That other city by a bay

San Francisco has many assets in bid for Olympics

The race for 2012: San Francisco

August 20, 2002|By June Arney | June Arney,SUN STAFF

The United States Olympic Committee will pick two cities next week to compete for the right to be the country's proposed host of the 2012 Summer Olympics. Today, The Sun begins an examination of the four finalists, which are Washington-Baltimore, San Francisco, New York and Houston.

Anne Cribbs won a gold medal four decades ago in the 400-meter swimming medley in Rome. Now, she hopes to bring home the gold for San Francisco as it competes for the chance to play host to the Summer Olympic Games in 2012.

"We're very proud of our bid," said Cribbs, president and chief executive of the San Francisco bid. "It's been a real community effort out here. People are excited. There's a lot of buzz in the community."

The buzz has been building for weeks based on smart changes to their venue plan, rave reviews after a visit by a United States Olympic Committee inspection team last month and growing sentiment that New York's proposal is too costly.

Unlike its three competitors, San Francisco offers appealing weather during the summer. It also features picturesque vistas and a low-risk bid that requires minimal construction.

But San Francisco's greatest strength may be its international appeal.

"We're the world's favorite U.S. city in survey after survey," said Tony Winnicker, a spokesman for the San Francisco bid. "It's an international destination that can compete with Paris, Rome, London and Rio de Janeiro. The postcard image of San Francisco coupled with the cutting edge innovation of Silicon Valley is a powerful brand to take internationally."

San Francisco's West Coast location allows it to escape association with the seat of the U.S. government.

"The rest of the world doesn't necessarily love America as much as we do," Winnicker said. "The icons that we have are symbols of American beauty that foster a sense of warmth around the world."

But the bid faces concerns because the city is in California, where Los Angeles has twice held the Games. Another obstacle may be its proximity to Vancouver, British Columbia, considered a front-runner for the 2010 Winter Games.

San Francisco organizers took some tips from the USOC to heart and revamped their bid in April to bring their venues into a tighter circle, enhancing what was a competitive bid. Of the four bids, only Washington-Baltimore's made similar sweeping venue changes.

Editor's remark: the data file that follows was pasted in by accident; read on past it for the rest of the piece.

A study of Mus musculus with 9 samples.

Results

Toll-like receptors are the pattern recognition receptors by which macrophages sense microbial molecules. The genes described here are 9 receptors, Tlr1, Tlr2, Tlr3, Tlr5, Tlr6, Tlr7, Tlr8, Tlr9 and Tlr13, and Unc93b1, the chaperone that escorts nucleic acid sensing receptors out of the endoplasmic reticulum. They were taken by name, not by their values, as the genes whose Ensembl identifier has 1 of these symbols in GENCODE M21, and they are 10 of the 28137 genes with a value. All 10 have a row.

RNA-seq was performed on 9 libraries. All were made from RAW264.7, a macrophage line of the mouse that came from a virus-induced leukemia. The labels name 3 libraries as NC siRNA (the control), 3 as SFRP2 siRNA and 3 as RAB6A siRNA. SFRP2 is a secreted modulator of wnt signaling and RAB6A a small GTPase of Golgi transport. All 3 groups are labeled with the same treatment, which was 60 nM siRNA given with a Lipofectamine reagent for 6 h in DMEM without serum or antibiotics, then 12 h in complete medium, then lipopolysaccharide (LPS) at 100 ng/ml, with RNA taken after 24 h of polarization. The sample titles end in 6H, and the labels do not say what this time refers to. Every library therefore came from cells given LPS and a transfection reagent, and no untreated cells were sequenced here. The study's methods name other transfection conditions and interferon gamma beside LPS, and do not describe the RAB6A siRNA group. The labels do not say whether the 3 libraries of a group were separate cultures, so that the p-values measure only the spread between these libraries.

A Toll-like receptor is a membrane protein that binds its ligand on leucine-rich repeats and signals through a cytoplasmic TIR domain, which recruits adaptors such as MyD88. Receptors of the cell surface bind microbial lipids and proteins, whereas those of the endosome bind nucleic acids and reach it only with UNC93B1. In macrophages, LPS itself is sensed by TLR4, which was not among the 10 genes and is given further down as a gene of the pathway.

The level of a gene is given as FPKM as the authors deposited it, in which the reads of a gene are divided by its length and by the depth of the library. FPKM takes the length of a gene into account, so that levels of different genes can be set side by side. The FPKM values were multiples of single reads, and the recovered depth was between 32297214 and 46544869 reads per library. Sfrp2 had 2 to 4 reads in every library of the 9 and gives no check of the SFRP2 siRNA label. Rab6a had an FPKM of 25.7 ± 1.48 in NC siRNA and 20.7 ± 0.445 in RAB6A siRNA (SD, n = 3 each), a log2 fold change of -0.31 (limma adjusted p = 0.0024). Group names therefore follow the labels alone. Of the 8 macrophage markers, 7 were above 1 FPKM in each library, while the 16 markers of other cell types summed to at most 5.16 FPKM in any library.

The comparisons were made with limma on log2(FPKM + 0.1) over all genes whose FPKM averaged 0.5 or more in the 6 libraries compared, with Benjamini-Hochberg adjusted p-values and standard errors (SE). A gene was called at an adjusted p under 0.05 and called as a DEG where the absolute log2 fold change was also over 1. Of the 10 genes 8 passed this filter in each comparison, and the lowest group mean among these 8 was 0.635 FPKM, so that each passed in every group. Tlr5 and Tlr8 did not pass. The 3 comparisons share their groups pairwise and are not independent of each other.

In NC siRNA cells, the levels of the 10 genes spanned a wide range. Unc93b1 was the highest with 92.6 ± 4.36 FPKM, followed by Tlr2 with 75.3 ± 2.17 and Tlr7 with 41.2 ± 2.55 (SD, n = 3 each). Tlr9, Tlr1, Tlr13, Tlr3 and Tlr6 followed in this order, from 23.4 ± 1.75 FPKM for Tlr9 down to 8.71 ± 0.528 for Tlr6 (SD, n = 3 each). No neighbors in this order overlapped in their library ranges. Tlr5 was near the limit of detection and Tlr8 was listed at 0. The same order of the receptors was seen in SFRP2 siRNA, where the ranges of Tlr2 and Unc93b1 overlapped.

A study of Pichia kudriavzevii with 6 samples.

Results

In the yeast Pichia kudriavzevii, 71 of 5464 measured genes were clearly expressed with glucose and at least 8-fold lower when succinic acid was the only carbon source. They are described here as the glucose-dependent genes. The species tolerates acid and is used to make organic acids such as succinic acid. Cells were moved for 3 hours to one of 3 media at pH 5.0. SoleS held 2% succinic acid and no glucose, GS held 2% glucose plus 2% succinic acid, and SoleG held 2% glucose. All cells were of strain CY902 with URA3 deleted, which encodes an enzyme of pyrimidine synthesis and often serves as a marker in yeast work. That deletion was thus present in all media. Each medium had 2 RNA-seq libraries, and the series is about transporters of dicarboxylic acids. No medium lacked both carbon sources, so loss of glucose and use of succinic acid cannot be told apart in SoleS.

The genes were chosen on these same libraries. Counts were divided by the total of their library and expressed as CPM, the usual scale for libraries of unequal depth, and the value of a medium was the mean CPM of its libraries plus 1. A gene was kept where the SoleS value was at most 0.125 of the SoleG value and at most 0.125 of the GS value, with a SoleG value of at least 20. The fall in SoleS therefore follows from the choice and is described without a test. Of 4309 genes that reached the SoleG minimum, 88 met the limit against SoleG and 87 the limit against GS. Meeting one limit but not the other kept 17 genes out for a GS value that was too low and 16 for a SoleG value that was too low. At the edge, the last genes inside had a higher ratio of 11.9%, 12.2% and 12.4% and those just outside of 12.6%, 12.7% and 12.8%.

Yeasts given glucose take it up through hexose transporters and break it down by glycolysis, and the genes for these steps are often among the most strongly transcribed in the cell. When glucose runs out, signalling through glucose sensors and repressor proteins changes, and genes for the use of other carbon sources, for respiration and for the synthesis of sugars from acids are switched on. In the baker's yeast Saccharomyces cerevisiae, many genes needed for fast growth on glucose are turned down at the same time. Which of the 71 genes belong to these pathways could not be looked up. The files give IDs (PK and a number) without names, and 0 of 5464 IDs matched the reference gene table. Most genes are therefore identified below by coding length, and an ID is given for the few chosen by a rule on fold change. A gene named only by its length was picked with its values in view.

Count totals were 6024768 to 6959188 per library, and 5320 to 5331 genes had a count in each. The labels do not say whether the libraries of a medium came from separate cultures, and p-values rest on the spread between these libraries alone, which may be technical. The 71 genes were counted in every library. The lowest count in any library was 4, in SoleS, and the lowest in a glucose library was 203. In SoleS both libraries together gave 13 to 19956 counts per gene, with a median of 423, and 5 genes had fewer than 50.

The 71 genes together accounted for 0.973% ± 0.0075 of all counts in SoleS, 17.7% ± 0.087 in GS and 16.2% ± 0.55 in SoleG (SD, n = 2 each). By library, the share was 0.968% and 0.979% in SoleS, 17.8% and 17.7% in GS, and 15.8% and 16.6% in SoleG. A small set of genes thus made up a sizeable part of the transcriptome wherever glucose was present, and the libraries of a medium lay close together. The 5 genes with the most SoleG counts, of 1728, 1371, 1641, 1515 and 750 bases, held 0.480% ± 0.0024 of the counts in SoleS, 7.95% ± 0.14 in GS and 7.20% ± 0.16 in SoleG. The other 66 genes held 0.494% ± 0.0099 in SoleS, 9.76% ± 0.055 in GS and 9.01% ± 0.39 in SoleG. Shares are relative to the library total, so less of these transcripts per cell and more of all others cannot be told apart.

Like Washington-Baltimore, San Francisco in its bid is relying upon its entire region to provide venues.

Although San Francisco's venues stretch from Monterey to Sacramento - a distance of more than 150 miles - organizers say that 90 percent of the venues are within a half mile, or walking distance, of public transportation.

For the most part, the venues are grouped in clusters that make up what organizers dub "the ring of gold." The main groupings are in San Francisco, Berkeley-Oakland, at Stanford University in Palo Alto, Santa Clara and San Jose. Additional events would be held in Sacramento, Monterey and the wine country of Napa Valley.

The far-flung locations were kept because they have world-class venues including the Sacramento area's Lake Natoma, which would play host to rowing, canoeing and kayaking, and Domain Chandon Winery in Napa - an internationally certified mountain biking course.

"The Olympic Games that are successful are the ones that don't have huge construction costs," Winnicker said. "The Los Angeles Games did not require a lot of construction in 1984, and they were the most successful Olympic Games in modern history. We took a page from that."

Eighty percent of San Francisco's proposed venues already exist, requiring about $220 million in capital costs, Cribbs said.

"We'll be delivering a lower-cost Olympic Games that can be a model for the future," said Tony Winnicker, a spokesman for San Francisco 2012. "That really resonated with the USOC. We think we can give the USOC a plan to take internationally that is consistent with the direction that Mr. [Jacques] Rogge wants to take the Olympics."

Rogge, International Olympic Committee president, has consistently talked about keeping the Olympics contained so that the budget does not become so large that only a few cities in the world can play host to the Games.

Among the handful of venues that San Francisco will need to build are an equestrian park, velodrome, tennis center, whitewater course and Olympic village, Cribbs said.

As the USOC voters take a harder look at each of the cities next week, San Francisco may edge out Washington-Baltimore in the all-important category of international appeal, said Lisa Delpy Neirotti, associate professor of sports management and tourism studies at George Washington University who follows the 2012 bids.

But San Francisco doesn't have the gathering space featured in some of the other bids, she said. "San Francisco is a great city, but the streets are crowded," she said. "They don't have the wide avenues."